The Work of a Poet

Blog / Produced by The High Calling

I was sitting near the window-seat at a small inn outside of Pittsburgh. The sun was shining on antique floor boards, white lace curtains, and the deep, deep snow outside the door. I'd just finished taking a few pictures of chairs, clocks, a pewter bowl. Having nothing left to do while waiting to be picked up and ushered on to the city, I began to read...

Did you think writing great, or even good, poems would be easy? What feeling of accomplishment would you get from doing what is easy, what anyone can do without trying? Athletes train relentlessly to become stronger, faster, better. Dancers attend class every day, and rehearse long hours in the studio....If you thought poetry was different, this is your wake-up call. — from, Ordinary Genius

I underlined the hardest parts. Did you think? Would be easy? What anyone can do without trying? Wake-up call.

"I am not a poet," I said out loud.

It was only partly true. After all, I had a poetry book. And I had done some of the work of a poet. I had searched my soul, exposed deep places, played with words. But I was not really trying, not the way I knew I could.

"I want to be a poet," I said to the air.

This was going to mean something. I would have to do what didn't come naturally. I might need to read and write a lot more poems, like my poet-friend Marcus, who reads and writes poetry almost every day. I might need to struggle through trying out forms, like my other poet-friend David. (I asked David recently if form comes naturally to him. "No, it's like ciphering a quadratic equation," he told me.)

Then there was this. I would have to care enough about poetry to do it even though it doesn't pay; there would be people who would think my poetry wasn't work, because it can't buy a house, a car, or even a ticket to a baseball game. There would be people who would think my poetry wasn't work, because it involves a great deal of play. Facing such people is also the work of a poet.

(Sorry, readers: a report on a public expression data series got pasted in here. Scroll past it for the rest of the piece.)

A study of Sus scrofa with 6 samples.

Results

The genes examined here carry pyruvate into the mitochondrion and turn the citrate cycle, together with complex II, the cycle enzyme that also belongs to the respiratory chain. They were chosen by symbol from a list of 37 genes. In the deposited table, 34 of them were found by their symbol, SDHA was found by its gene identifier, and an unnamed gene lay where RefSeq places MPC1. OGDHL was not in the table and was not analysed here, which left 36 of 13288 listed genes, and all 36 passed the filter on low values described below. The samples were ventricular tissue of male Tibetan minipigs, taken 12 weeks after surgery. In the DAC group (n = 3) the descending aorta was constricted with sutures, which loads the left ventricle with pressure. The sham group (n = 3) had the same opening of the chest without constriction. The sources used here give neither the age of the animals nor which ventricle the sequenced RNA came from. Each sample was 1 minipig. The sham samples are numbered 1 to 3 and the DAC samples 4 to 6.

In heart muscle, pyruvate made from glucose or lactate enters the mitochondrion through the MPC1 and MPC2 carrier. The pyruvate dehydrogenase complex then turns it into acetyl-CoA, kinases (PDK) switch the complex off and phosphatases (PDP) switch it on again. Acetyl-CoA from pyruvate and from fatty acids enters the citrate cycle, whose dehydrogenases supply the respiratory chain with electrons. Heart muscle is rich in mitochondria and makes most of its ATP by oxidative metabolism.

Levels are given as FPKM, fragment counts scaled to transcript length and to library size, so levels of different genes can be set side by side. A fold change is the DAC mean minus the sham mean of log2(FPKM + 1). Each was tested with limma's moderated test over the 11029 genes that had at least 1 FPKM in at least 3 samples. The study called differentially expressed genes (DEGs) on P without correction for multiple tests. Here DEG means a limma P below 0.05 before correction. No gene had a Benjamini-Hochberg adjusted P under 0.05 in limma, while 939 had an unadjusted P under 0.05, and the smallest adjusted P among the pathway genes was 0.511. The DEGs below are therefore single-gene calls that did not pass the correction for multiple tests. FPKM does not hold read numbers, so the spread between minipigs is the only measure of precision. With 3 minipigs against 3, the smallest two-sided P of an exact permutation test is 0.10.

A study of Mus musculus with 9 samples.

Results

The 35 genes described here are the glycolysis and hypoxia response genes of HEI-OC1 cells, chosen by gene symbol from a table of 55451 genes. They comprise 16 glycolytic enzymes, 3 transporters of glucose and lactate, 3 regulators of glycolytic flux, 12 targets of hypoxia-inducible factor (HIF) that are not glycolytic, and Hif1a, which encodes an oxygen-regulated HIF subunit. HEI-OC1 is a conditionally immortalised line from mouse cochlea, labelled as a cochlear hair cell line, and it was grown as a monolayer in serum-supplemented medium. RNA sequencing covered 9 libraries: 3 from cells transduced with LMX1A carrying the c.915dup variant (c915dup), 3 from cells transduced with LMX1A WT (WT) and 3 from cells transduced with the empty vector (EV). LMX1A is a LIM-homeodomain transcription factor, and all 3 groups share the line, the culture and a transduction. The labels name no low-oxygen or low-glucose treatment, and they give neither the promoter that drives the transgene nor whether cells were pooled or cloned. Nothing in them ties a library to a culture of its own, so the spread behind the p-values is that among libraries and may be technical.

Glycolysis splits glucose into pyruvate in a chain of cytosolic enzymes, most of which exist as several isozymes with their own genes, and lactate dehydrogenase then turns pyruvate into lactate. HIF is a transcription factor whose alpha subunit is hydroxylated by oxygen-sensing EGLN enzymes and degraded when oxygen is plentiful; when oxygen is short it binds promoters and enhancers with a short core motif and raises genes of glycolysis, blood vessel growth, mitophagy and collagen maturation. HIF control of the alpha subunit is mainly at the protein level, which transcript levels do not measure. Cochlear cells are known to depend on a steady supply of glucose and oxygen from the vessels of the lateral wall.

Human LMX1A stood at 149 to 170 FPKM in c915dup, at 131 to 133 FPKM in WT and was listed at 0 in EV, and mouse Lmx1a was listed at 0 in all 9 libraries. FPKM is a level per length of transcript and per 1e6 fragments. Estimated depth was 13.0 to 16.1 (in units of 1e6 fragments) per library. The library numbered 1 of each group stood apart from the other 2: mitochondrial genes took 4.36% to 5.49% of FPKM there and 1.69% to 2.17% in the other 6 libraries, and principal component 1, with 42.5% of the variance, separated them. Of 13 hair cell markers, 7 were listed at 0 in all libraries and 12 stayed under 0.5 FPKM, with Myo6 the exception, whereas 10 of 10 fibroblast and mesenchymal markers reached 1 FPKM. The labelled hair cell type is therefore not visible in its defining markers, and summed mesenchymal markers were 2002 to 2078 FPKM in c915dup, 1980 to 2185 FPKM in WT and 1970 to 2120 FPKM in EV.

It has been a year since I sat near that sunny window seat, at a small inn outside of Pittsburgh. I see more clearly than ever what the work of a poet is, and I can still say...

I want to be a poet.

The Work (and Play) of our Network Poets

I heard from a good number of people (including myself smile that they found the catalog prompt to be quite a challenge. Maureen took up the challenge beautifully, so we are featuring her poem today...

From the Bridge

Did you too see it, drifting, all night, on the black river?
Did you dream it, with me, the pull of smoky depths sliced through
with the jagged diamond light of falling stars?
Did you hear it, how the syncopation of words knocked off
the rail, not making time with the heart's own rhythms?
Did you feel it too, that single infallible catching of the breath,
holding in the air the length of the fall?
Did you too taste it, the crumbed bread gone to mold,
the fruit of the wine turned to bitters?
Did you imagine it, at last, looking up, his face in the moon
and a hand out?

Thanks to our other Network members, who worked and played along with this month's Random Acts of Poetry...

Monica's There You Are
Mama Abby's Let the Pain
LL's Finding Our Place and Autumn
Stephie's What Would You Do
Apesydaisy's She Thinks
Karen's Awaiting Time
David's The Kiss
Linda's I Give You
HisFireFly's His Call Remains the Same
Sandra's I Am
Mom2Six's Pilgrimage
Kath's Leaving
Glynn's Chopping Wood
Mozi's Cataloging My Blog
Melissa's Holy Communion
Susanne's Do You Remember?
Blue Cotton Memory's Peace from Scraps
Mama K's No One Knew
A Simple Country Girl's Splendor in Surrender
Kathleen's We All Get One
Heather's Catalog Poem
Maureen's From the Bridge

Photo and post by L.L. Barkat, author InsideOut: Poems.

“Most of the material on The High Calling is available for reuse under a Creative Commons 3.0 license. Unfortunately, work by Laura Barkat is not available for reuse. If you are interested in reprinting work by Laura Barkat, please contact her directly.”